Dwarf Brazos Blue Crayfish
The Blue Brazos Dwarf Crayfish, scientifically known as Cambarellus texanus "Blue," is an exceptional color morph that brings intrigue to the nano aquarium. This miniature freshwater crayfish displays a bright and striking blue coloration throughout its entire body. It possesses an outgoing personality, making it an interesting addition to your aquatic setup. While dwarf crayfish are often referred to as mini lobsters, it's important to note that true lobsters do not exist in freshwater.
In terms of appearance and behavior, the Blue Brazos Dwarf Crayfish is similar to the Orange CPO Crayfish, with the notable difference being the color. To maintain the vibrant blue coloration of this crayfish throughout adulthood, it is crucial to keep the pH consistently below 6.8. If the pH rises above this threshold, the crayfish may revert back to a brown coloration after molting. Therefore, maintaining a pH at or below 6.8 is essential for preserving its beautiful blue hue.
Dwarf crayfish, including the Blue Brazos variety, are beloved invertebrates at Aquatic Arts. They are larger in size than dwarf shrimp, reaching a maximum length of 1.6 inches, and they also tend to live longer. Despite their larger size, they can comfortably thrive in tanks as small as five gallons. These crayfish are active and typically do not hide during the day, distinguishing them from many larger crayfish species. Adding them to your aquarium brings excitement and serves as an excellent introduction to the world of invertebrates if you haven't delved into it already. However, since they are skilled climbers, it is essential to take extra precautions to prevent them from escaping their enclosure.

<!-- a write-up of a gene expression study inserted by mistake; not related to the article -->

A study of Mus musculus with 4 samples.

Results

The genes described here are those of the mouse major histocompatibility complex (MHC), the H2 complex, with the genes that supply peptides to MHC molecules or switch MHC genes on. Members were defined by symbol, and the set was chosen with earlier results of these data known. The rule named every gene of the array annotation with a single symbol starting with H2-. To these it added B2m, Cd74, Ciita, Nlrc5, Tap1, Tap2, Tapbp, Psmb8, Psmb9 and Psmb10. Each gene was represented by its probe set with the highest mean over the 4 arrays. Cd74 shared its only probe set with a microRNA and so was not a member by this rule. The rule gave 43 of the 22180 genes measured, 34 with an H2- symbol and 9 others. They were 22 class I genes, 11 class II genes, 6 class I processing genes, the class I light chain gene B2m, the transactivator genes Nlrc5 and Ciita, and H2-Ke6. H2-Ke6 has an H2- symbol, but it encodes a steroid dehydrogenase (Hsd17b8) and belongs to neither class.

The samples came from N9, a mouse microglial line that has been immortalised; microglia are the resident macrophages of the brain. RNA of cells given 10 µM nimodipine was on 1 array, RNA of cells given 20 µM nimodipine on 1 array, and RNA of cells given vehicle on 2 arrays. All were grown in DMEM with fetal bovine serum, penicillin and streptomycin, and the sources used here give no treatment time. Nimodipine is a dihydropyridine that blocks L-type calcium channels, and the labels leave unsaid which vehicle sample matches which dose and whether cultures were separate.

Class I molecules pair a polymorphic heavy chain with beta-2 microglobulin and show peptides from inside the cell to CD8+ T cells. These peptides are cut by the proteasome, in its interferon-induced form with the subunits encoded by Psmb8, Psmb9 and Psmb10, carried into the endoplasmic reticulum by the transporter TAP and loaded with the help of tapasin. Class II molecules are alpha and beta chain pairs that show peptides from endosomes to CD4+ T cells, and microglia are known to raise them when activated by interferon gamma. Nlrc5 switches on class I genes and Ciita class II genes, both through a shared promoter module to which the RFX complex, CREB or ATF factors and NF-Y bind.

While the Blue Brazos Dwarf Crayfish is generally not a threat to most tank inhabitants, it has been known to target dwarf shrimp on occasion. Therefore, it is not guaranteed that dwarf shrimp will be safe when housed together. Although these crayfish are typically peaceful, it's important to recognize that all crayfish are opportunistic omnivorous hunters and scavengers. There is a small chance that they may attempt to nip at the fins of slow-moving fish or those with long, flowing fins. However, they have been successfully kept with fast-moving small fish species such as rasboras, rainbowfish, and danios with minimal to no issues. Caution should always be exercised when cohabitating crayfish with other tank mates.